13 - 24 of 334 for "composed"

  • CADWALADR, DAFYDD (1752 - 1834), Calvinistic Methodist preacher ; his daughter tells us that he composed his sermons while knitting ‘very fast’; and as he was an untiring walker (even to London) he became a favourite preacher throughout Wales. He was a great friend of Thomas Charles, and published elegies on the death of Mr. and Mrs. Charles (Ehediadau y Meddwl, Bala, 1816). He died 9 July 1834; he was buried at Llanycil. Practically everything written on Dafydd
  • CATRIN ferch GRUFFYDD ap IEUAN [ap LLYWELYN?] FYCHAN (fl. 16th century), poet Daughter, it appears, of the poet Gruffydd ap Ieuan ap Llywelyn Fychan of Llannerch in the Vale of Clwyd. One poem only of her work remains, a religious poem in N.L.W. MS. 722 (155). It appears that the poem in Cardiff MS. 19 (742), Cwrtmawr MS. 14 (72), and N.L.W. MS. 6681 (404) was composed by her sister, Alice.
  • CLOUGH, Sir RICHARD (d. 1570), merchant, and (for a period) ‘factor’ for Sir Thomas Gresham in Antwerp 40 years of age when he died. Welsh elegies were composed upon his death by Siôn Tudur, Simwnt Vychan, and William Cynwal; there are two such elegies by Cynwal in N.L.W. MS. 6496 (facsimile of a Christ Church, Oxford, manuscript). Cynwal has two other interesting poems in the same manuscript written to Clough and Katherine — one a ‘kowydd’ to send a hawk to greet ‘ric. Klwch a meistres Katrin’ when
  • CRADOCK, Sir MATHEW (1468? - 1531), royal official in South Wales in the lordships of Cardif, Glomorgan, Morgannok, Gower, Ilande, Vske, and Carlyon (Cal. Pat. Rolls, 6 H. VII). Again, Matthew Craddoke of London, alias of Swaynesey, co. Glamorgan, is granted a pardon for not appearing before the king's justices 6 February 1504-5 (Cal. Pat. Rolls, 20 H. VII). The contemporary Welsh bard Iorwerth Fynglwyd composed two poems referring to Sir Mathew, one when he was
  • CYNDDELW BRYDYDD MAWR (fl. 1155-1200), leading 12th century Welsh court poet He was recognized by poets of the two succeeding centuries (Myv. Arch., 111a, 164a, and 204b) as a leading master of eulogy to princes. He composed in awdl and englyn metres. The grammarians refer to the clogyrnach metre as the ‘manner of Cynddelw,’ and as far as we know he was the first to make extensive use of the englyn unodl union. Two traditions are seen to merge in his work — that of the
  • CYNGAR (fl. 6th century), saint Two ‘Vitae S. Cungari’ are known to modern biographers. The oldest, recently discovered in fragmentary form at Wells, Somerset, was composed probably in the 12th century; the second is a fuller but later version added to the 1516 printed edition of John of Teignmouth's ‘Vitae SS.’ They relate that, after founding Congresbury in Som., S. Cungar crossed to Glamorgan and landed on the banks of the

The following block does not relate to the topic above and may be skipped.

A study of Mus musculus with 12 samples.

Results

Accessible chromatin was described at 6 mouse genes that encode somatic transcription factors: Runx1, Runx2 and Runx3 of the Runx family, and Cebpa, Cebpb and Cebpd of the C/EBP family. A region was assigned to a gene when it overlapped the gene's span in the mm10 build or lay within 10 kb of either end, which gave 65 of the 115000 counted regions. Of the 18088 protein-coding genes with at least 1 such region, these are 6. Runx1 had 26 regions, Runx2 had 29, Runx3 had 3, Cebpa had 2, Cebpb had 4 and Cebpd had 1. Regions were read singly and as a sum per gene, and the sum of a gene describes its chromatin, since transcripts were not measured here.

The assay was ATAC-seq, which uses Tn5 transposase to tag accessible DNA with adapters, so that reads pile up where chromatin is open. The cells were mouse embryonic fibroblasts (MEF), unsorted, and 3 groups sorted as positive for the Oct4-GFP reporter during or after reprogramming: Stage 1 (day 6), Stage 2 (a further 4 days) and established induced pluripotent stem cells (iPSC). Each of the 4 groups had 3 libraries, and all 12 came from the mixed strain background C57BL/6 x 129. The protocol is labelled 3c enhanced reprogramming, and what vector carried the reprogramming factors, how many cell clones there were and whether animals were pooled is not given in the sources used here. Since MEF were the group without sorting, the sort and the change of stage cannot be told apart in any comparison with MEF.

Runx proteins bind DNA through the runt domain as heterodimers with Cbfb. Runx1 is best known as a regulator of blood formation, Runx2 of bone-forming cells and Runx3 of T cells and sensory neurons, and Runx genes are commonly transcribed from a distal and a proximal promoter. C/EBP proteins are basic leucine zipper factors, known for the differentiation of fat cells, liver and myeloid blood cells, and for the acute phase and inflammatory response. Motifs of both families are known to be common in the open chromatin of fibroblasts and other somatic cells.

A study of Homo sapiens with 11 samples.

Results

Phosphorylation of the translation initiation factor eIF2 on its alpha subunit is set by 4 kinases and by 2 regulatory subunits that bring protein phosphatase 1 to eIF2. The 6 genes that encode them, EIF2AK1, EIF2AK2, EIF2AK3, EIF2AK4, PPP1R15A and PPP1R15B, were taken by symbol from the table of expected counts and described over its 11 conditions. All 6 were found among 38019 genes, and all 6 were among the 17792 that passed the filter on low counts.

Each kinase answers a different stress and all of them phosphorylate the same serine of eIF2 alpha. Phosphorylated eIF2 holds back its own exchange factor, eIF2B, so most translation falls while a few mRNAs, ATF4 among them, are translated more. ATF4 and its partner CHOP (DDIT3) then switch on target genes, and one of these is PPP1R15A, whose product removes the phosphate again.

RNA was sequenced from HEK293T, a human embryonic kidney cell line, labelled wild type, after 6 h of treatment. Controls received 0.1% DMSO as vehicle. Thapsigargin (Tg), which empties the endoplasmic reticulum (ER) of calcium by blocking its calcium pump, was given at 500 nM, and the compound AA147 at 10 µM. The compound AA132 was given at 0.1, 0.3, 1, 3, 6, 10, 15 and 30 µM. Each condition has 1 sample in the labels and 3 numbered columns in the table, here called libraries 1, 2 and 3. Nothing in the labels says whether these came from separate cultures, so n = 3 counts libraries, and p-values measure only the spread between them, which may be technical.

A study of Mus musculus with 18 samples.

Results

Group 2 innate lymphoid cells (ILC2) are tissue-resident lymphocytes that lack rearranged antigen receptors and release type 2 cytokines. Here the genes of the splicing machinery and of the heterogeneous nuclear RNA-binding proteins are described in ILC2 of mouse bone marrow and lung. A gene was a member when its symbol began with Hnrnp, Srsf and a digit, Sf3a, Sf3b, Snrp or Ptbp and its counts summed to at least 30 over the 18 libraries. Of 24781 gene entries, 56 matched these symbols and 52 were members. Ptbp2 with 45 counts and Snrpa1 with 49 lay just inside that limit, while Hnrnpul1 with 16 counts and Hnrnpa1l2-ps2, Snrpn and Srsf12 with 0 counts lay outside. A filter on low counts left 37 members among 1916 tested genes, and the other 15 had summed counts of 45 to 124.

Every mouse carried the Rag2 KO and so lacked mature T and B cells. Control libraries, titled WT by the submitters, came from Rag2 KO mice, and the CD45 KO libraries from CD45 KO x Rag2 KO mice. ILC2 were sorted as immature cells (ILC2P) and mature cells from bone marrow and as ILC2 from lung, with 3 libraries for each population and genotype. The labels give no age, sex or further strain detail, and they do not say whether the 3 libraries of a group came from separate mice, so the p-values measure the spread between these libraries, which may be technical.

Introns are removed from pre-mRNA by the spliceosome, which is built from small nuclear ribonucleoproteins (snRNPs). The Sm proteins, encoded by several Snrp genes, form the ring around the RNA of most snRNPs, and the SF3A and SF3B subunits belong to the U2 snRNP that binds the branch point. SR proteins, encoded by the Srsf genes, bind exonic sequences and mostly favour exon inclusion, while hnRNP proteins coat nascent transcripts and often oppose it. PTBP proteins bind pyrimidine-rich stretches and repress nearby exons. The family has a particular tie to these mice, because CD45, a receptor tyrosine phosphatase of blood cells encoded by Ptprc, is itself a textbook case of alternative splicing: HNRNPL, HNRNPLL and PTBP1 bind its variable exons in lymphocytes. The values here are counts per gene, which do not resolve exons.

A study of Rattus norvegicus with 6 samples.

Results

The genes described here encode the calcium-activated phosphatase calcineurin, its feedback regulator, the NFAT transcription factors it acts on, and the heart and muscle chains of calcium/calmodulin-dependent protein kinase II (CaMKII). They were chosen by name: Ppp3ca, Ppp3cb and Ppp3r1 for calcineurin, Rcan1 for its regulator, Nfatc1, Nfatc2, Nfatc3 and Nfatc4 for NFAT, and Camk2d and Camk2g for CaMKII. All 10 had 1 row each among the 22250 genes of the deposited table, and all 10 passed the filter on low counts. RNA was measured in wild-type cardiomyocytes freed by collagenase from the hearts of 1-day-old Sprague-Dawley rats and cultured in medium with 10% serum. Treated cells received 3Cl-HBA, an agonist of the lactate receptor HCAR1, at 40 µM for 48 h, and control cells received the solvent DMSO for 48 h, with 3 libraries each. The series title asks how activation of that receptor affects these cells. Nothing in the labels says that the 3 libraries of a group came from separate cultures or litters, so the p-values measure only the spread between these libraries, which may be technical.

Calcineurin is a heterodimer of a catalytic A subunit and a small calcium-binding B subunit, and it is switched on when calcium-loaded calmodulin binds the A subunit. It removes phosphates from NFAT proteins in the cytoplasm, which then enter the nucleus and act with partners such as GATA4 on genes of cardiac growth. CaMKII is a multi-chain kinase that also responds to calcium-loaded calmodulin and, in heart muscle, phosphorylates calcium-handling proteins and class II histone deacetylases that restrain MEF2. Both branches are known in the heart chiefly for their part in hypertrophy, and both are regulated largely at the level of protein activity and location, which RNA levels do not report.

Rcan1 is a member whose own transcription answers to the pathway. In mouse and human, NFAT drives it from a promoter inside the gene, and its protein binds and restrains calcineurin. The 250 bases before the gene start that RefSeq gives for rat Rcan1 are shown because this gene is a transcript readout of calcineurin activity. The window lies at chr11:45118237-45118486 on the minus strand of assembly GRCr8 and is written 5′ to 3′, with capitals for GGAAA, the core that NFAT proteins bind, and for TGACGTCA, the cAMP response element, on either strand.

• CYNWAL, RICHARD (d. 1634), poet of Maes y Garnedd (?), Capel Garmon, Denbighshire His work, written in the strict metres, consists chiefly of poems to various North Walian gentry. He took pride especially in his position as family poet at Rhiwedog mansion (near Bala), and a bardic controversy ensued between Richard Phylip and himself because of this. He composed an eulogy to Tomas Prys of Plas Iolyn and an elegy to Siôn Phylip
  • DAFYDD ap DAFYDD LLWYD (1549), poet and member of the landed family ] Caereinion (1599), Siôn Huws of Maes y Pandy, near Tal-y-llyn, and Doctor [ David ] Powel, bardic controversies (ymrysonau) between himself and Roger Cyffin, and, also, with Lewys Dwnn, and religious and moral poems. Bedo Hafesp composed an elegy on him (Bodewryd MS. 1 (289)). N.L.W. MS. 5270 (327) contains an englyn presumably by his son John.
  • DAFYDD AP GWILYM (c. 1315 - c. 1350), poet used to travel the length and breadth of the country. His love poetry would certainly have been in demand, and it is perfectly possible that he earned his living as a professional poet like many of his contemporaries. His most important patrons in Ceredigion were the family of Glyn Aeron, a court which was a focus for innovative literary activity in this period. Dafydd composed an elegy to Angharad
  • DAFYDD ap SIANCYN (SIENCYN) ap DAFYDD ap y CRACH (fl. mid 15th century), Lancastrian partisan and poet Gwydir Family : from his eyrie on Carreg-y-gwalch (near Llanrwst) he kept the Yorkists out of the commote of Nanconwy till 1468, and raided the surrounding country. Ieuan ap Gruffydd Leiaf and Tudur Penllyn sang his praises. Though Tudur, in his cywydd to him, extols his poetic skill, only three englynion of Dafydd's are extant. One of these is addressed to Tudur Penllyn. The other two, composed on his
  • DAFYDD EMLYN (fl. 1603-1622), poet and cleric according to Moses Williams. The epithet ‘Emlyn’ suggests that he was a native of the Teify valley. His poems, written in the strict metres, were composed in honour of families living in the Cemais (Pembrokeshire) area, such as those of Henllys (1603), Llwyn-gwair, Tre Wern (1614), and Pen-y-benglog (1618, 1622), in Trimsaran, and in Margam. Some of his poems written in his own hand may be seen
  • DAFYDD LLWYD (d. 1619) HENBLAS,, poet and scholar according to Dwnn). Noted for his scholarship, he is said to have known eight languages. A number of his poems, all in strict metre, have been preserved in manuscript. They include an elegy to his wife, Catherine, and three englynion to one of his sons. ‘Sir’ Huw Roberts and Richard Cynwal composed elegies upon his death.